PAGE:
W. A. AND H. JACOBS.

FEBRUARY 23, 1855.–Laid upon the table, and ordered to be printed.

Mr. NICHOLS, from the Committee on Private Land Claims, made the

following

REPORT.

The Committee on Private Land Claims, to whom was referred the

petition of William A. Jacobs and H. Jacobs, alleged assignees of Albert V. Barnes, to whom military warrant No. 60654, for one hundred and sixty acres, was issued, under act of 11th February, 1847, having had the same under consideration, submit the following report:

Whereas it appears, from a letter from the Commissioner of the General Land Office, bearing date January 23d, 1855, that the Pension Office, together with the courts of justice, are competent to extend adequate relief in all cases similar to those presented by the petitioners, and that the aid of the legislative department of the government cannot be properly invoked, with a view of giving the Executive power over a subject matter in which all the appropriate functions of both, or either, have been already performed, in this case a warrant issued to the soldier, and is now outstanding. Tbe law declares “null and void, to all intents and purposes, all sales, mortgages, powers, or instruments of writing, going to affect the title or claim to such bounty land, made or executed prior to the issue of the warrant;' '' and it is by virtue of just such a void power that the present claim arises, executed nearly two years after the date of the law, and therefore with full notice. It is not seen how any surrender by the survivor of two alleged assignees (or even by both, were it practicable) could affect the title to the existing warrant, their claims being based, not on a voidable, but an absolutely void, instrument; and if Congress should grant to such survivor, it could not be upon the ground of the government having received from him an equivalent, in this extinguishment of the claim of the original warrantee, by the surrender of the warrant, the title to which yet remains in such soldier if living, or in his heirs if dead; and if any claim could have passed to the Messrs. Jacobs, it was not a title by joint tenantry, which would inure to the survivor.

The precedent of such special legislation as is asked in this case would, in the judgment of your committee, be a dangerous one, and the evil would be great, because it would involve Congress in endless special legislation to cure defects or illegalities in the assignment of

these warrants, instead of leaving the parties to assert and maintain their rights, if they have any, in the local courts, like a claim to any other species of property. Your committee, therefore, ask to be discharged from the further consideration of the subject above referred to, and ask that this report may be printed.

2d Session.

No. 130.

CATHARINE STRUBING.

FEBRUARY 23, 1855.-Laid upon the table, and ordered to be printed.

Mr. Nichols, from the Committee on Private Land Claims, made the

following

REPORT. The Committee on Private Land Claims, to whom was referred the peti

tion of Catharine Strubing, praying for the confirmation to a certain tract of land in the State of Florida, having had the same under consideration, beg leave to report :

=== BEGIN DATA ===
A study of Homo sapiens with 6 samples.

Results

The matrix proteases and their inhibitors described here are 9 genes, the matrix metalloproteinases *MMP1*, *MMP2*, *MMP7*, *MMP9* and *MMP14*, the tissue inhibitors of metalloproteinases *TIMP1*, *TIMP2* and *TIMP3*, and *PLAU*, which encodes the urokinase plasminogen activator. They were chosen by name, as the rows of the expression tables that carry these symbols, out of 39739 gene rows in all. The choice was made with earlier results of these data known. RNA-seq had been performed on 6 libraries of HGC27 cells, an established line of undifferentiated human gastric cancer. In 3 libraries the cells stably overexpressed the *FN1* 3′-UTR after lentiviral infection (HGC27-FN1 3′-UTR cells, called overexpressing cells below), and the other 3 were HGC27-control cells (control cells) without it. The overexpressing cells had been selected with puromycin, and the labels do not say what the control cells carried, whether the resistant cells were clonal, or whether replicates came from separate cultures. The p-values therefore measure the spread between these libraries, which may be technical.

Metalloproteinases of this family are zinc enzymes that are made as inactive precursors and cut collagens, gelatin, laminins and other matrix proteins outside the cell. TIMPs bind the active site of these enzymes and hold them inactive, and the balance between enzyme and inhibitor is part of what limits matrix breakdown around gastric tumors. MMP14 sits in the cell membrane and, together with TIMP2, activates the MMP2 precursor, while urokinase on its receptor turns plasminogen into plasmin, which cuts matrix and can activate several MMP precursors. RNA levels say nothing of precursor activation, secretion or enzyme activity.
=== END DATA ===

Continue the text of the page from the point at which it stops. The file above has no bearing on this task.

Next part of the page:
That the petitioner is a daughter of Doctor James Dreiner, who in the year 1775 was a surgeon in the British forces stationed in West Florida. She avers that her said father, in the year 1775 aforesaid, obtained from the British government grants for two tracts of land for 500 acres each, between the Mississippi and Perdido rivers. She further avers that these grants were upon the consideration of habitancy and cultivation on the part of the said Doctor James Dreiner ; that he never complied with the conditions of the said grant, because the revolutionary war intervened, and public duties prevented him from 80 doing. She further avers ignorance of laws passed by Congress subsequently, for adjusting land claims in Florida, and prays for confirmation of the original grants to her father, or compensation in lieu thereof.

Your committee have given to these representations all the weight to which they are entitled. The pecuniary circumstances of the petitioner have induced a disposition on the part of the committee to be liberal in the consideration of the case.

Doctor James Dreiner was, at the time of the grant, a surgeon in the British forces. He obtained his grant from the British government at the period when the Revolution had in fact commenced. This grant was located in a province which, so far as its undisturbed enjoyment was concerned, was but very little, if at all, affected by the revolutionary struggle.

This grant was made upon the express condition of habitation and cultivation, with a reversionary right to the British government upon failure of the conditions. The memorialist states that the troubles incident to the war prevented the required occupation and cultivation; but this is an unfair statement of the case, for Doctor Dreiner might, at the commencement of hostilities, have adopted the alternative of abandoning his position in the British forces, or of forfeiting his right to the lands, by a refusal or simple neglect to cultivate.

He made his choice, it appears, and went through the war, neglect

these warrants, instead of leaving the parties to assert and maintain their rights, if they have any, in the local courts, like a claim to any other species of property. Your committee, therefore, ask to be discharged from the further consideration of the subject above referred to, and ask that this report may be printed.